Last summer I came down with a mean case of Why-Certainly-I-Read-Classic-Literature-itis and I cracked open Anna Karenina. I went into it sure that the 10,000 Russian names, many of them variations of each other, would be too much for me, but I came out the other side a little shell-shocked. Mark my words, that Tolstoy fellow is going places.
There are a lot of important lessons in Anna Karenina. “Wow, tuberculosis is bad,” for example, and, “Perhaps we could all be more careful around trains.” But the one thing that really affected me is how every single main character is trilingual. They switch between Russian, French, and English without notice and no one ever says, “Hold up. I actually only speak one extremely complicated language.”
Why can’t I do that? Calling myself fluent in one language is a stretch (sure, I can read, write, and understand English, but you should hear me try to speak it), but I wish very badly that I knew more. I’m not sure why, to be honest. I’d probably just show off at parties and annoy my friends, but that seems like a good enough reason to me. So I found Duolingo, a website that gives you lessons and exercises for free, and I began my quest to become a polyglot.
Thoughts I Had Just Before Starting
- This will be great — words are my thing! Math, no. Science, not so much. Useful technical skills, not at all. But I’m a fifth-grade spelling bee champion. These other languages won’t know what hit them.
- Man, I probably have a serious advantage over other people who are learning new languages because I correct grammar for a living. It’s really not even fair.
- I’ll start with Spanish because I studied it for the better part of a decade. I’ll test out of most of the lessons and then polish up what I forgot in, like, a week tops.
- I’m going to be able to say so many things in Spanish. I should definitely look into translation careers.
- My pronunciation is amazing. I’m pretty sure I sound like a native speaker. How embarrassing for other Americans. Poor suckers.
- I’ll just practice for a few minutes a day, when I have a chance. This is for fun! No pressure.
But then I got into the first lesson and it was not like that. At all.
- Here’s a news flash: Words are just groups of sounds that we’ve collectively decided mean a thing. And letters are just random lines and dots that are supposed to represent those sounds. Letters that have the same shape don’t even make the same sound across different languages. (I’m looking at you, J.) I go to work every single day and arrange lines and dots to make sounds that only mean something to a few people who happen to use that line-dot/sound system. And that’s how my existential crisis began.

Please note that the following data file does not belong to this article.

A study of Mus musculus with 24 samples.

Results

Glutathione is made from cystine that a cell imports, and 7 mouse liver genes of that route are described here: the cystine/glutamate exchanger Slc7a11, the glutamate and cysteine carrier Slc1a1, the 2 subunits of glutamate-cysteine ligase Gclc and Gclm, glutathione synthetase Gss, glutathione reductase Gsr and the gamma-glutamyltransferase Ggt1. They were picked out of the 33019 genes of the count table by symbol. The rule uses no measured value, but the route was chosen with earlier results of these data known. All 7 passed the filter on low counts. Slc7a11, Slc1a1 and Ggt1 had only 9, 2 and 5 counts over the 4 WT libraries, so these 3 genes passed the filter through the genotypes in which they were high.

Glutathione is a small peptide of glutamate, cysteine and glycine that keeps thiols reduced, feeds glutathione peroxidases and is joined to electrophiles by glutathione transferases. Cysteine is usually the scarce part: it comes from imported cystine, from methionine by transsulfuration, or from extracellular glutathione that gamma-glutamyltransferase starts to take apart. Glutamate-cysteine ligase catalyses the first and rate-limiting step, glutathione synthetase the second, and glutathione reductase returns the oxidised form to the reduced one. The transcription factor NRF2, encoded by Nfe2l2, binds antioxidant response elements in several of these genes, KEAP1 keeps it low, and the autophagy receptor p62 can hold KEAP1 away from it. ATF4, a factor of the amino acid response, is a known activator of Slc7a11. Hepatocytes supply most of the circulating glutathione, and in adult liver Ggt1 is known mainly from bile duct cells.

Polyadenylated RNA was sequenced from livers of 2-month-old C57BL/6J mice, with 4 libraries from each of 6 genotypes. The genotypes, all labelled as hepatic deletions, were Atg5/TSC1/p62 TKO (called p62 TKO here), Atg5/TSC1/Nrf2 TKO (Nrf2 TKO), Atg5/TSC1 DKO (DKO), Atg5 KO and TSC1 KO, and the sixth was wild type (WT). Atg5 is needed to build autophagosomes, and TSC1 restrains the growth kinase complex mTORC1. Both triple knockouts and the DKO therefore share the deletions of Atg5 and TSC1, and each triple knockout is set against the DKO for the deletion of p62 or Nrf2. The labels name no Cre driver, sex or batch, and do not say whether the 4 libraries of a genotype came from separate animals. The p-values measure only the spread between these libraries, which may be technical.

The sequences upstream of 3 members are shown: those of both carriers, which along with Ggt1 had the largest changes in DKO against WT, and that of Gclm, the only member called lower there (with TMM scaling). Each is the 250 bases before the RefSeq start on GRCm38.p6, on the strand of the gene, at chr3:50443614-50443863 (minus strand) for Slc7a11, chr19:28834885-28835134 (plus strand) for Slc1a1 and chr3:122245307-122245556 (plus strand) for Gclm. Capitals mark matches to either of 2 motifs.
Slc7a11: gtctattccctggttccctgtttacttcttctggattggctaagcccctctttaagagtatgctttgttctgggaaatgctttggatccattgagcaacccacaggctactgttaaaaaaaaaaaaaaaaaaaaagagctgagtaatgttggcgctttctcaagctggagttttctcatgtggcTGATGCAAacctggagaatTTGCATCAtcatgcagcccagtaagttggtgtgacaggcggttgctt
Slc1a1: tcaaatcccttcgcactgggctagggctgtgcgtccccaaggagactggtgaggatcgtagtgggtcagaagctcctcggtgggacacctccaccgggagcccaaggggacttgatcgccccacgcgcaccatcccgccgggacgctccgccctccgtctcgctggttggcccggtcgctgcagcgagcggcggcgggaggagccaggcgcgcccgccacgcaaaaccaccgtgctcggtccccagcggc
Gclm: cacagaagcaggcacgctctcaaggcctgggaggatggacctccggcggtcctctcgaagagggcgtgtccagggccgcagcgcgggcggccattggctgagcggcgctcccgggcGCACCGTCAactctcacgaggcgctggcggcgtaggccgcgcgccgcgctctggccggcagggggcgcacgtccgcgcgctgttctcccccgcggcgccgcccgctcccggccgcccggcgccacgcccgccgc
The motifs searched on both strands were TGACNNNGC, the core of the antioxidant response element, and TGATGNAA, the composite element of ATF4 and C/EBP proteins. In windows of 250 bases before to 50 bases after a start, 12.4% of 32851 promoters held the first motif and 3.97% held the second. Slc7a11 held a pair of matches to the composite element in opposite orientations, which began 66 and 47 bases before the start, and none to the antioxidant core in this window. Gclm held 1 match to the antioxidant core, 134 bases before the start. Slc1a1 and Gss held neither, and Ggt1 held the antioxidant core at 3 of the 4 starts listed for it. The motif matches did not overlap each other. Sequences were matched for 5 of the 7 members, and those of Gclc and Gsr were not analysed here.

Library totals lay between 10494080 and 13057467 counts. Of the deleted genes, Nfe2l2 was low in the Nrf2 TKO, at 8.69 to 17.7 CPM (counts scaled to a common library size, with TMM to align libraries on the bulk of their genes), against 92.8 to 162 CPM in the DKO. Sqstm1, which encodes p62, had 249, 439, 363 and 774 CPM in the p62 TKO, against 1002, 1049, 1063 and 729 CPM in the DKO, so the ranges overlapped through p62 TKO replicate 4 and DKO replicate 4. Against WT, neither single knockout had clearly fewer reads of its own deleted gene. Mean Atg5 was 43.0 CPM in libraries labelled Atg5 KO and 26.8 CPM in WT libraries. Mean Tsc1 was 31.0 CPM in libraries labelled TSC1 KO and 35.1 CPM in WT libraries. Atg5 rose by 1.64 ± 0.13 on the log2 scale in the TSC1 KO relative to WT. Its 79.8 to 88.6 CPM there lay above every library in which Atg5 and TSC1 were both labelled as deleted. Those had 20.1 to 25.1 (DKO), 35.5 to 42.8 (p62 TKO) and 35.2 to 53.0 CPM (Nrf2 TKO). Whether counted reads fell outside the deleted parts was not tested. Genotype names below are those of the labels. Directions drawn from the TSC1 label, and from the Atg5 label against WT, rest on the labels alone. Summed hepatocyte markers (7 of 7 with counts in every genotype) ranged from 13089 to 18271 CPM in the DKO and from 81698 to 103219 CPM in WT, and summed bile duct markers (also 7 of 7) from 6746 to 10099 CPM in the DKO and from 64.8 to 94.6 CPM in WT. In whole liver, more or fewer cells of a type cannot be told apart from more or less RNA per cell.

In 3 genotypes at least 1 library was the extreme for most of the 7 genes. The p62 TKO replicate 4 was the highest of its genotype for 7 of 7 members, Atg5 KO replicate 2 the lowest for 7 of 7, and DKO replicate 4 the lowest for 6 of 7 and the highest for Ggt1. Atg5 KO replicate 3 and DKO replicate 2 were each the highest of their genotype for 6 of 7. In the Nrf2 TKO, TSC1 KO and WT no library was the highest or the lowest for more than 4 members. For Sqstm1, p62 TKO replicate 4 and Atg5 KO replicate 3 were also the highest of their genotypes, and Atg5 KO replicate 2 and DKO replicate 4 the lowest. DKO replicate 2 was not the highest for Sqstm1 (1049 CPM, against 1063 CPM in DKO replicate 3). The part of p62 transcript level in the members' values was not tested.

- Any knowledge I have of English grammar has not helped me. In Spanish, for example, adjectives come after the thing they describe, so the ends of sentences are always a surprise. I have to wait until the end of the phrase to find out that the psychopath we were talking about is cute, and the manatee we were discussing is dead. I can’t handle the twists!
- I studied Spanish for seven years and the only things I can remember are the words for a few pieces of furniture and colors. Verbs, which are the trickiest words, have totally disappeared from my head. I can describe yellow chairs and blue tables all day, but I can’t tell you what to do with them. I’ll just work on my miming.
- I can only think in very simple sentences so far. I once read that Penelope Cruz and Salma Hayek are friends, and sometimes I like to picture phone calls between them in which they speak Spanish. But since I can only understand incredibly simple sentences, these imaginary phone calls usually go like this:
P: Hello. I can buy red shoes.
S: I like your red shoes. I am rich and beautiful.
P: Yes, me too. Do you have a car?
S: No. Goodbye.
- I’m never going to open my mouth and let another language come out. One Duolingo feature asks you to speak phrases into your computer’s microphone. When I do that, it pauses for a minute and finally brings up an error message that says, “That doesn’t sound quite right. Try again!”
- If you’re an achievement zombie — the sort of person who relentlessly completes tasks in pursuit of the high you get from accomplishing something —Duolingo is kind of dangerous. It rewards you for finishing lessons with points, increasing levels of expertise, and victorious sound effects, and it’s really easy to get sucked in and never come up for air. I don’t like the person I’ve become. “I’m 57% fluent in Spanish according to one website!” I keep announcing to my friends. “Mesa! Gato! Izquierda!” So far they’ve all been too polite to point out that 57% fluency is not at all fluent, but I definitely get the impression they’re not as interested as they once were.
It doesn’t matter, though. After a straight month of Spanish practice, I’ve finally finished all the lessons and have moved into a “practice and perfect” stage. Now I’m starting French. Je suis une petite fille! Je ne suis pas un chat!